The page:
Windows 8 is due to launch on 26 October in several different flavours, each offering something different.
Confusingly, there is a tablet-only version, in the form of Windows RT, and then multiple forms of Windows 8, which is tablet and desktop compatible. So which Windows 8 is for you?
The standard version of Windows hasn't yet been priced in the UK by Microsoft. It is almost identical to Windows 8 Pro, bar a few minor differences, but you can't add on Windows Media Centre to the standard version of Windows 8. So those who have all-in-one PCs with TV tuners might want to go for the Pro to get the most out of their machines.
You do get Windows Media Player, plus access to both Metro or Modern-style apps and core Windows applications. This standard version of Windows 8 also has all the other design and looks tweaks you would expect to find in Windows 8, including a new task manager and the disappearance of the Start menu. Prepare for a little confusion.
Windows 8 Pro
Windows 8 Pro is the operating system to which Microsoft wants you to upgrade. For Windows 7, Windows XP and Windows Vista users, an upgrade costs £24.99. You will of course be able to buy a Windows 8 Pro version separately if you are installing it clean on a new computer.
For all intents and purposes, this is the complete Windows 8 experience. It gives you everything Microsoft has put together for the new operating system, including the Modern UI look that you get in Windows RT.
This version of Windows comes with the facility to add on Windows Media Centre, Microsoft's computer-based media management software. The Media Centre can sync with a TV tuner and lets you record and watch live TV. It can also be used to manage and play back music and movies.
Other than that, Windows 8 Pro doesn't add much over the standard edition that's of use to the average computer user, other than the ability to boot from a VHD and join a Windows domain.
You can install Metro-style apps to Windows 8 Pro from outside the Windows Store, but quite how that process will manifest itself and whether it will be something important to do remains unclear for now. We certainly wouldn't lose any sleep over it.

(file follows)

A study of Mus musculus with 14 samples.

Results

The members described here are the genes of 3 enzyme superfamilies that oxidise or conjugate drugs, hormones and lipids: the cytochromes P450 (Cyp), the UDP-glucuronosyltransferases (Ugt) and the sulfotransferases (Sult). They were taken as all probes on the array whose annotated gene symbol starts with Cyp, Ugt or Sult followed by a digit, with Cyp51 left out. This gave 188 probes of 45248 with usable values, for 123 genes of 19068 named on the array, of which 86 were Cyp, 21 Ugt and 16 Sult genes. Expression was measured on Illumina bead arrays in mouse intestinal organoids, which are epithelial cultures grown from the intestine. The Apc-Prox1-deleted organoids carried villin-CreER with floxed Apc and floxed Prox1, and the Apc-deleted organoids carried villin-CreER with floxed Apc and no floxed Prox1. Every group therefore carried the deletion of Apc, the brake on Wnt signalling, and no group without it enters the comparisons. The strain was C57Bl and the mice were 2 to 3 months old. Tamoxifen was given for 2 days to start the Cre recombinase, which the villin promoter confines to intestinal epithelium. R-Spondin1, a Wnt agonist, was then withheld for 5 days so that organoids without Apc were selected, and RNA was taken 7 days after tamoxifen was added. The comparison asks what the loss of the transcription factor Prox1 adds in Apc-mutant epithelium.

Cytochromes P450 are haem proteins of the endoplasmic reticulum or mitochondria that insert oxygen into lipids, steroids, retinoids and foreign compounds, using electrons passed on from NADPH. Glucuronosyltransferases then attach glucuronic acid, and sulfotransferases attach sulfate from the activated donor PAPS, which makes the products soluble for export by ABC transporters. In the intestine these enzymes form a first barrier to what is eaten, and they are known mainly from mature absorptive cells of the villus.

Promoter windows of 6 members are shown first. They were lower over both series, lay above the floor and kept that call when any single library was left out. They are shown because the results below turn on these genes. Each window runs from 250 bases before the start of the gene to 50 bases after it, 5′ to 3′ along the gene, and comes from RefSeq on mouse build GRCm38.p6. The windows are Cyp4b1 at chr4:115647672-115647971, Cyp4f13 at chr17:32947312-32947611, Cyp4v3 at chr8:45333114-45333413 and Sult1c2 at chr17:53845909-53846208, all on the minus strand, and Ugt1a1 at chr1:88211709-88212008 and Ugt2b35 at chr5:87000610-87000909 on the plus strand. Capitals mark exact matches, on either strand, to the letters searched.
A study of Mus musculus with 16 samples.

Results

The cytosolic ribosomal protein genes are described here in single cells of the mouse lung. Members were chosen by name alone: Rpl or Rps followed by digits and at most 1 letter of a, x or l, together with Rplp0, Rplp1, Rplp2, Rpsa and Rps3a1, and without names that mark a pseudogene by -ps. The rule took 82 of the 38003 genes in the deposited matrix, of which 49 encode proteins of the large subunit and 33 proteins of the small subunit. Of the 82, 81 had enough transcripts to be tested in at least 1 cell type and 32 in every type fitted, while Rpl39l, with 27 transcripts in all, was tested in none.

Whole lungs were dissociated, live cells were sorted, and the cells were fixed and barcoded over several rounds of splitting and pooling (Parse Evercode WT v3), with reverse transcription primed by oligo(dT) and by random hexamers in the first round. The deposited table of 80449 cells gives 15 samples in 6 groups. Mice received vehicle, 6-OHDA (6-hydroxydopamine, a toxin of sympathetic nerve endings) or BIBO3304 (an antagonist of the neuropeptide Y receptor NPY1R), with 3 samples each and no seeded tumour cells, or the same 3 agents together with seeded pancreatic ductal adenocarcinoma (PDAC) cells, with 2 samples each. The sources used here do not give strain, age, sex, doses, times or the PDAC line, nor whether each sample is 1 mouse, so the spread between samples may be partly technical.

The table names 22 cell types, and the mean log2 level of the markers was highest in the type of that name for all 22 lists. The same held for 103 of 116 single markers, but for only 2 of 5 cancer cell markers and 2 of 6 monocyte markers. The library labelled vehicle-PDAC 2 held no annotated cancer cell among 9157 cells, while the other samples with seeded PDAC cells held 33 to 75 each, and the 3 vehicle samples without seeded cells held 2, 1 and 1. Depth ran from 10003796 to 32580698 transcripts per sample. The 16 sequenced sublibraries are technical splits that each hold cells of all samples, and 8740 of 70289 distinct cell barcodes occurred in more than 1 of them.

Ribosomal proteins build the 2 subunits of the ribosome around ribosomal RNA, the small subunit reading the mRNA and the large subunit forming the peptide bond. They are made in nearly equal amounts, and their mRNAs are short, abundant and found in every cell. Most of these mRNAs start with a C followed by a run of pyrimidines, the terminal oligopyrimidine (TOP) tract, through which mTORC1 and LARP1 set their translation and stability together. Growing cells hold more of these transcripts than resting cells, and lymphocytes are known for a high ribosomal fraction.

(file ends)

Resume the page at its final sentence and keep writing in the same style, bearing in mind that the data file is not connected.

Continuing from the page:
Windows 8 Enterprise
Windows 8 Enterprise is the sort of bumper business edition of Windows 8. It offers everything the new operating system can handle, except for being able to add Windows Media Centre, which is available on with Windows 8 Pro.
While a lot of what Enterprise adds is very complex, all should be useful to big businesses. Enterprise, for example, has a client and host-based version of remote desktop. There is also advance data encryption software, like AppLocker.
Read: Windows 8 review
Windows To Go and DirectAccess complete the functionality of this very business-minded version of Windows 8 but it's probably also very useful for developers for the Windows 8 platform too.
Windows RT is, in essence, a scaled-down version of the full Windows 8 experience sized to fit on a tablet. For Metro apps and the touch-based live tile interface of the new Windows, it's perfect.
Where Windows RT becomes limited is in its ability to run x86 apps. This kind of application is found on conventional Windows desktop machines.
Instead Windows RT is restricted to apps downloaded from the Windows Store. At the moment this means core Windows apps such as Office and Excel, as well as a few of the heavy hitters such as Netflix, but that's about it. For everything else, it's the Metro/Modern UI versions only.
Read: What is Windows RT?
Don't let the inclusion of a desktop confuse you, Windows RT is much more restricted than Windows 8 in capabilities. It is an operating system built for tablets and should give you a much more iPad-like touch orientated experience.
Which one is for me?
If you are after a tablet and nothing else, then Windows RT should be your weapon of choice. Running on ARM hardware and built specifically for tablets, the software is less battery hogging and should mean your tablet lasts longer.
Then come all the versions of Windows 8. Simply put, if you are upgrading, Windows 8 Pro gives you everything an average computer user would need for the reduced price of £24.99. Then again it might be that Windows 8 minus the Pro appears in upgrade form later and even cheaper, so perhaps wait and see.
The Windows 8 Pro upgrade is also available as a disc from places such as Amazon, priced in at £50. Here's a trick though - download it and you get the ability to make a back-up disc or USB for free, so you can save yourself £25.
If you aren't upgrading, then Windows 8 alone should suffice and is likely to cost less than Windows 8 Pro.
Otherwise, Windows 8 Enterprise is clearly put together for business. Unless you are in an office, it's unlikely the extra cost will be justified.